TOKYO (Kyodo) -- Japan will shift further toward renewable energy and cut dependence on fossil fuels and nuclear power, according to the country's energy plan approved Tuesday by the Cabinet.

Ahead of the automatic renewal in July of a U.S.-Japan agreement on peaceful use of nuclear energy, the plan for medium- to long-term energy policy also mentioned for the first time that Japan will work to reduce its plutonium stockpile.

The increased focus on renewables underscores Japan's daunting challenge to reduce greenhouse gas emissions drastically in the years ahead under the 2015 Paris climate accord.

The government, which updates the energy plan roughly every three years, maintained the targets for its mix of energy sources in fiscal 2030 but did not give specific numbers for fiscal 2050, when it has to clear a certain goal in fighting global warming.

Toward 2030, the government aims to have renewables account for 22 to 24 percent, fossil fuels 56 percent, and nuclear power 20 to 22 percent in the country's electricity generation, the energy plan showed.

With its energy self-sufficiency ratio below 10 percent in 2016, resource-poor Japan needs to secure stable energy supplies for economic activity and national security while also ensuring the safety of nuclear power generation following the 2011 Fukushima accident.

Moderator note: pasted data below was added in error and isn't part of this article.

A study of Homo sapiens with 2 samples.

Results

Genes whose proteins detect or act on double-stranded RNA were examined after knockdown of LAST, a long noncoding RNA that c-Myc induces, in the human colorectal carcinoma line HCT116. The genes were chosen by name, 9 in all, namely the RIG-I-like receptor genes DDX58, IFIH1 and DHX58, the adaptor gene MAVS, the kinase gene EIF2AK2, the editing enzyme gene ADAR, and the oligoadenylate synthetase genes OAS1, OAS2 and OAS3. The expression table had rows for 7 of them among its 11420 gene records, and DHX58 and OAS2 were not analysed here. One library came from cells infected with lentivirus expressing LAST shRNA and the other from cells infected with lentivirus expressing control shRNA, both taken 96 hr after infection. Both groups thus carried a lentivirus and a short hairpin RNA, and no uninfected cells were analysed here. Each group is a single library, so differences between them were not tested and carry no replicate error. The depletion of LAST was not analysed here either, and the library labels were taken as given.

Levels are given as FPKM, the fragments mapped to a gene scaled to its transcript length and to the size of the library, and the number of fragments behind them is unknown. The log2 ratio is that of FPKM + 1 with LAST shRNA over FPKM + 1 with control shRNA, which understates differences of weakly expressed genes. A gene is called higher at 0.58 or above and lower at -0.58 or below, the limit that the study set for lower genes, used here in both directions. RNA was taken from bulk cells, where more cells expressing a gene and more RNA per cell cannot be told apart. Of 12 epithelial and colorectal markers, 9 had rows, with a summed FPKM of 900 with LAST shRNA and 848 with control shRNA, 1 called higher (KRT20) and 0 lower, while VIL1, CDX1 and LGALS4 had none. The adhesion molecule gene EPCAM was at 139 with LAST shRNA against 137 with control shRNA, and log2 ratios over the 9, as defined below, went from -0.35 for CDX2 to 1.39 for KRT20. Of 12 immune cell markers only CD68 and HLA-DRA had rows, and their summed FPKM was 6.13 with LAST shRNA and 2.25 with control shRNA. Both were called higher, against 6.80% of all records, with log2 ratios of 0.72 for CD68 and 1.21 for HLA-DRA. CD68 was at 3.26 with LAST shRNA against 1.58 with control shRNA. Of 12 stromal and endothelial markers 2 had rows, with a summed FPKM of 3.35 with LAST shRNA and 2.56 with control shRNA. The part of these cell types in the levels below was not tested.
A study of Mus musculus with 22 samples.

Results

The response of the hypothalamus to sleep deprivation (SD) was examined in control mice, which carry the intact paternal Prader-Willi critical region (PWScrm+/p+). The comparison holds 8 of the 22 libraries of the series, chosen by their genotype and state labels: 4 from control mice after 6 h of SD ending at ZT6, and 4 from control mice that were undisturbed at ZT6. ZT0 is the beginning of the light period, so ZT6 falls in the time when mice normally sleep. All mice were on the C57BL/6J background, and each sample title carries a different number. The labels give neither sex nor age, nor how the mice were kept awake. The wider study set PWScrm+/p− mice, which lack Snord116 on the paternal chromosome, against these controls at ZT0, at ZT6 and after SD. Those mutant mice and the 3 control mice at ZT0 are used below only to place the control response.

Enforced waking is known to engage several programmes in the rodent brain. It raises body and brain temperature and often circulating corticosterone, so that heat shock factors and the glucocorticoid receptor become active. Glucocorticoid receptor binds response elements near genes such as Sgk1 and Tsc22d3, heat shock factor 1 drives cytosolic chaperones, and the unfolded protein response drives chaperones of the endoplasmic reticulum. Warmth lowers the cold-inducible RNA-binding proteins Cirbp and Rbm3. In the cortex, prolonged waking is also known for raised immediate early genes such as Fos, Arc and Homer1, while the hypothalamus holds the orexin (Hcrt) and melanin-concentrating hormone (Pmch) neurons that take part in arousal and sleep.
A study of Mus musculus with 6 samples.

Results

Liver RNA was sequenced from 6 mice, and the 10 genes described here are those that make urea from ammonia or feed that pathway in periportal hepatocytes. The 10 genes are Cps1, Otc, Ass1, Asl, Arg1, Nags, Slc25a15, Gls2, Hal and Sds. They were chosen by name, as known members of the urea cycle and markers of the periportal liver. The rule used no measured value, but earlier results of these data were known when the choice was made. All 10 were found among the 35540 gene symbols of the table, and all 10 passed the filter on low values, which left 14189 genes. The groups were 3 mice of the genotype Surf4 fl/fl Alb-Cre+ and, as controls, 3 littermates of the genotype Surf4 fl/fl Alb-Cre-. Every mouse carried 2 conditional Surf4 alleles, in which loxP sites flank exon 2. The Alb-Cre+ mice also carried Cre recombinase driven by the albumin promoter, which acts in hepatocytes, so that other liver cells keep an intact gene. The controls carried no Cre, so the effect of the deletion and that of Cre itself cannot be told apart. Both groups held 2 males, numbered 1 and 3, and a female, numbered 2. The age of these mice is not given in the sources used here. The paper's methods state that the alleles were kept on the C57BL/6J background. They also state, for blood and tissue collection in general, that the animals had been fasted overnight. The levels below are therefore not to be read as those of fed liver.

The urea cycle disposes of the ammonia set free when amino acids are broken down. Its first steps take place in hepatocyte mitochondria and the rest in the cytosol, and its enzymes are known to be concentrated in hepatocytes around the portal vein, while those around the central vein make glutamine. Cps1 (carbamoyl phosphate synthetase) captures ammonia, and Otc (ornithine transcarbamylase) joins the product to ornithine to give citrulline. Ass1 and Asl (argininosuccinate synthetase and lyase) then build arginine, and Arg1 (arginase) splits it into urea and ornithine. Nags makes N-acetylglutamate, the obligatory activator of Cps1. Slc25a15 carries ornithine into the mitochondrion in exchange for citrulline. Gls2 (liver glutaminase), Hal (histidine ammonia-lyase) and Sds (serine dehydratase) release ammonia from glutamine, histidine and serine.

The country also needs to accelerate efforts to fight global warming, now that it has set the goal of achieving an 80 percent cut in greenhouse gas emissions in fiscal 2050 from 2013 levels.

The energy plan calls for supporting the development of a sustainable market for renewables such as solar, wind and geothermal power and encourages the use of hydrogen.

Japan, placing priority on safety, will cut dependence on nuclear power generation "as much as possible," the energy plan said.

Still, it also acknowledged that nuclear power is one of the viable choices to achieve a shift away from using coal and other fossil fuels and cut greenhouse gas emissions.

Many of the country's nuclear power plants have been taken offline since the Fukushima disaster. The administration of Prime Minister Shinzo Abe is seeking to restart plants that have cleared safety checks.

The Japan-U.S. nuclear pact enables Japan to have a spent fuel reprocessing program for 30 years to July 2018.

Spent fuel from nuclear reactors is reprocessed to extract uranium and plutonium, which is then recycled into fuel called mixed oxide, or MOX, for use in fast-breeder reactors or conventional nuclear reactors.